The Wild & Wonderful

16th May 2022

Found in: Blog  -  

Author: Locate Guernsey

The RHS Chelsea Flower Show is back for 2022 and promises to be even more wild and wonderful when it opens tomorrow until Saturday. The theme for this year’s show is Rewilding Britain, with designers being asked to “embrace the wild” and “bring nature back”.

You don’t need acres of space to enjoy gardening and the outdoors, you can re-wild any small space and perhaps you’ll gain inspiration from the Balcony and Container Gardens category at Chelsea which is back for its second year.

One of the designers entering this category is Jane Porter, who grew up in Guernsey and was educated at Ladies’ College. Her first show garden, Still Garden is inspired by another set of islands, the Highlands and we spoke to her about her love of outdoor spaces, being bold in your choices and tips for new gardeners in Guernsey.


1. Can you tell us a little about yourself and how you first became interested in garden design?

I had barely any interest in gardens prior to moving into a house with a long-established garden in 2015. My first career had been as an Arts Producer but I was made redundant when I was pregnant with my second child. I started pottering around in the garden and decided I wanted to learn more so I went to night school to study Horticulture. I then went on to do gardening and small residential design projects where I live in Bristol. In 2021 I graduated from London College of Garden Design with a distinction in the Planting Design Diploma. This year I have my first garden at Chelsea Flower Show. It’s all been a bit of a whirlwind!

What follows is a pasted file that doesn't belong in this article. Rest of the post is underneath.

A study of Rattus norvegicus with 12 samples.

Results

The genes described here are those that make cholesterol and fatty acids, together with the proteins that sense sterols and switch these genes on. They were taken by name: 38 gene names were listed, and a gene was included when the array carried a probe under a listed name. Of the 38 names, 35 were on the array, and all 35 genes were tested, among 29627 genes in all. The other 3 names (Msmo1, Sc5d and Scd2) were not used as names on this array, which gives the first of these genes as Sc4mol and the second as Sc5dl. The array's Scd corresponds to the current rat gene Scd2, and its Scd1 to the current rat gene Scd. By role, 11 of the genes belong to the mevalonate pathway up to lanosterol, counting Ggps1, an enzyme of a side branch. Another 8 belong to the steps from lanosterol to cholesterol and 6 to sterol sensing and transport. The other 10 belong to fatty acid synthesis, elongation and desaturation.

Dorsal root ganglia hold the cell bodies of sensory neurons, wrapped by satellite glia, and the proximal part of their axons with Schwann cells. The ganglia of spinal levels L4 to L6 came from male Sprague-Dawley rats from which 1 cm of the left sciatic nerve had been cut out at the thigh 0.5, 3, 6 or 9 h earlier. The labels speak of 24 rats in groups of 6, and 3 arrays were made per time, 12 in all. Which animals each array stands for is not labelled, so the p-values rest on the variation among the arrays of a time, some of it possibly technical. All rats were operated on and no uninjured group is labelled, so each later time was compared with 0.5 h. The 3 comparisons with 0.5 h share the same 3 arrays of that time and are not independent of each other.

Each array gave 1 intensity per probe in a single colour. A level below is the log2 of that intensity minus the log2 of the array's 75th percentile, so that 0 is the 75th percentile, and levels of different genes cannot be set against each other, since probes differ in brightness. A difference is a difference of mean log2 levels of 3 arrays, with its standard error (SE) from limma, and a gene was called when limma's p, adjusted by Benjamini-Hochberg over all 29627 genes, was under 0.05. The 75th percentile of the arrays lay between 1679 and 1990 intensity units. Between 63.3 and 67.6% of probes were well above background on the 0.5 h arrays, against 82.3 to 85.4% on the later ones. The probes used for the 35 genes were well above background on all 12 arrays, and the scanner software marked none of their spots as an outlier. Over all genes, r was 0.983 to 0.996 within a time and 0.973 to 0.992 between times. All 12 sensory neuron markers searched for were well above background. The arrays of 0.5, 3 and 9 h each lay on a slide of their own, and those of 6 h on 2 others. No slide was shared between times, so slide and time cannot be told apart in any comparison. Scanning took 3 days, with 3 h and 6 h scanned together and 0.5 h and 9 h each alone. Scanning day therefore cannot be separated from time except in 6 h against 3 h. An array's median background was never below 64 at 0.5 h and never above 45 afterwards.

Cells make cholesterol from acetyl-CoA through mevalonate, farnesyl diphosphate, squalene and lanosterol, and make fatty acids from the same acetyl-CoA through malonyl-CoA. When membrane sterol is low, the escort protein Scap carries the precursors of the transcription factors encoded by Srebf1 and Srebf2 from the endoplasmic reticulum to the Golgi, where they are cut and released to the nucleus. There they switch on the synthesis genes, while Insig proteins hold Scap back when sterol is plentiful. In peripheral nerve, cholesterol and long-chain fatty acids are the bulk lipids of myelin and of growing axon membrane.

2. Your Still Garden at RHS Chelsea is within the Container Garden category – nowadays, not everyone has access to large garden spaces. How can people with little outdoor space make the most out of gardening from containers?

Always try to have the largest containers you have space for. This opens up your options for what you can plant. Use the vertical – you may not have the ground space but go for height. This will give you a sense of immersion in the plants. Know where the light falls and when. Then you can select the right plants for the conditions. And be bold – try things out. If it doesn’t work, try again!

3. Can you give our readers 3 tips for how they can be more sustainable when gardening at home?

Try to leave a wilder area in your garden and don’t be too tidy – creatures need cover over winter. Collect rainwater and make your own compost. Be creative with repurposing materials. If you can, have a pond.

To plant a garden is to believe in tomorrow.”

Audrey Hepburn

4. Do you have any tips for Guernsey gardeners who are just starting out? With its own micro-climate, is there anything in particular that they need to be aware of? 

You can grow the most amazing things in Guernsey because of the warmer climate. With this in mind some things do tend to take over. This is great in large areas you want to fill but more problematic in a small spaces so be careful with plants that spread or self seed rapidly.

5. Over the past 2 years, outside space has been a saviour for both our mental and physical health. How has gardening and the outdoors helped you?

I have always lived with depression which I have found ways to manage but I still have low ebbs. When I feel like that I get outside and get lost in gardening tasks. Something about putting a new plant in the ground makes you feel hopeful. As Audrey Hepburn said, ‘To plant a garden is to believe in tomorrow’. I love physical work outdoors. I used to be an outdoors instructor and being outside working reminds me of being out hiking.

 

6. What do you miss most about Guernsey life and where/what do you visit when you’re back?

I miss the sea. Where ever I am I can’t be close enough to it. And not just the sea, the beaches and cliffs. I pine for Herm when I’m away so I always make sure to go on every visit.